Understanding the immune system is important because it will help public health professionals take the appropriate approaches or steps in implementing and motivating community educators to create programs (e.g., nutritional strategies) that will influence and encourage individuals to take charge of their health and embrace healthier eating lifestyle or nutritious foods. The idea is that nutrient-rich foods contain vitamins, minerals and not too many calories. vitamins and minerals are micronutrients which maintain the human’s body and help keep it healthy (AAFP, 2021). Calder et al (2020) talked about how various mechanisms and clinical data have shown that vitamins such as A, B6, B12, C, D, E, zinc, ion, folate, omega-3 fatty acids and others play a significant role in supporting the immune system. That is, adequate intake of these vitamins are essential for a strong immune system (Calder et al., 2020). As Calder et al (2020) explained, inadequate intake of these important nutrients can lead to a decrease in resistance to infections; and as a result, can cause an increase in the burden and progression of disease (Calder et al., 2020). For example, in a study that focuses on “comprehensive understanding of the gut mucosal immune system in allergic inflammation” showed how nutritional approaches have been analyzed to treat allergic diarrhea (Tokuhara et al., 2019). The study demonstrated that vitamins A and B can induce and maintain certain cells (e.g., Tregs cells or T cells), which involves the utility of vitamin supplementation in children against food allergy (Tokuhara et al., 2019). In addition, Vitamin A and metabolites partake in the process of gut mucosal homeostatic network (Tokuhara et al., 2019). Other examples of how this knowledge may be used in public health practice are the use of vaccines because of the ability to stimulate the immune system by resembling a natural infections and also the reinforcement of handwashing as this will help decrease the spread and impact of infections (Calder et al., 2020; Battle, 2009).
Public Health Professional to Understand the pathophysiology of Inflammation
It is important for a public health professional to understand the pathophysiology of inflammation as Battle (2009) indicated that understanding inflammation is being able to recognize the body’s response to injury (e.g., pain, redness and swelling). Moreover, Inflammation is a frequent constituent of many injuries that are due to a great number of different environmental hazards. Another reason is because to a certain extent, nearly every chronic illnesses in the body involve chronic inflammation such as osteoarthritis, chronic hepatitis, atherosclerosis, cardiovascular disease and rheumatoid arthritis (Battle, 2009). Therefore, being knowledgeable or aware of the diseases that lead to inflammation can encourage or motivate a public health professional to establish or engage in prevention measures (Battle, 2009). Other examples of how this knowledge may be used in public health practice are that, once a public health professional has a thorough understanding of the role of chronic and acute inflammation of a disease, this knowledge would help in the regulations of health policy that are in place to control exposure to numerous environmental hazards. In addition, understanding the pathophysiology of inflammation would help guide the day-to-day use of medications ( e.g., aspirin, anti-histamines, steroids, and non-steroidal anti-inflammatory agents) for the relief of signs and symptoms of inflammation (Battle, 2009). For example, Elliot et al (2019) demonstrated how inflammation can contribute to two or more chronic conditions in one patient. In other words, inflammation can play a significant part to what is called multimorbidity as well as adverse outcomes associated to multimorbidity, specifically individuals experience functional limitations that lead to disability. So understanding inflammation is key for future work in examining multimorbidity formulations and the differences in severity between conditions (Elliot et al., 2019).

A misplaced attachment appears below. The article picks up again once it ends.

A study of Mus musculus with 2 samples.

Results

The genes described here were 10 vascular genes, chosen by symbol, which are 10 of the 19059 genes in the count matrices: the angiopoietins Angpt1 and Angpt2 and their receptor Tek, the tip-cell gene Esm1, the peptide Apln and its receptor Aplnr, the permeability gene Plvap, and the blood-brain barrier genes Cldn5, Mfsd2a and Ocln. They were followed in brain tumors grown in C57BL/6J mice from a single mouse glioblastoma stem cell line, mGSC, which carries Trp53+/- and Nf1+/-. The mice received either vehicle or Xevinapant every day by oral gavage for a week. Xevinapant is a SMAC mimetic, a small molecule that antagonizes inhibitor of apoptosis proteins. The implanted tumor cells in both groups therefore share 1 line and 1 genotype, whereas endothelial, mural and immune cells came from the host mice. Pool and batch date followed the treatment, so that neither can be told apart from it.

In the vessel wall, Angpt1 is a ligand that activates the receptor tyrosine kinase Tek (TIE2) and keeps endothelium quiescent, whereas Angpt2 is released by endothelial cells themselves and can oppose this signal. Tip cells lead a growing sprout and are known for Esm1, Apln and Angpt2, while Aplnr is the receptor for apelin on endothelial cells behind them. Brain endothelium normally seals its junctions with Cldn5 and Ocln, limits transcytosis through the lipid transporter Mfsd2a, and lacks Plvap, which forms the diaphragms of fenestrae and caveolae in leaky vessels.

Public Health Professional to Understand Carcinogenesis
It is important for a public health professional to understand carcinogenesis as this knowledge will help in cancer prevention research, which emphasis is about reducing the rate of occurrence or mortality from cancer. One example is that, understanding carcinogenesis or the development of cancer can help in prevention approaches of delaying or blocking steps in the process of cancer development (Battle, 2009). Moreover, Battle (2009) talked about a recent and widely public health challenge about overweight and obesity in both children and adults and concluded that individuals who are overweight and obese are likely or at an increased risk of developing tumors in various organs of their body. As a public health professional, understanding this health challenge or the “highly complex process” of cancer can guide and provide knowledge to a public health professional in the implementation of educational programs and the development of policies that focus on diet and obesity such as promoting healthy eating habits, for instance, reduced calorie intake (Battle, 2009). According to Battle (2009), studies have shown that many dietary compounds (e.g., high-fat-diet, heavy meat) are known to be carcinogens whereas others have been shown to decrease the risk of cancer; therefore, another example of how this knowledge may be used in public health practice would be for public health professional to continue to put emphasis toward cancer research and prevention that would lead to the reduction or exposure of certain dietary compounds in other to prevent carcinogenesis (Battle, 2009; Hoare et al, 2019).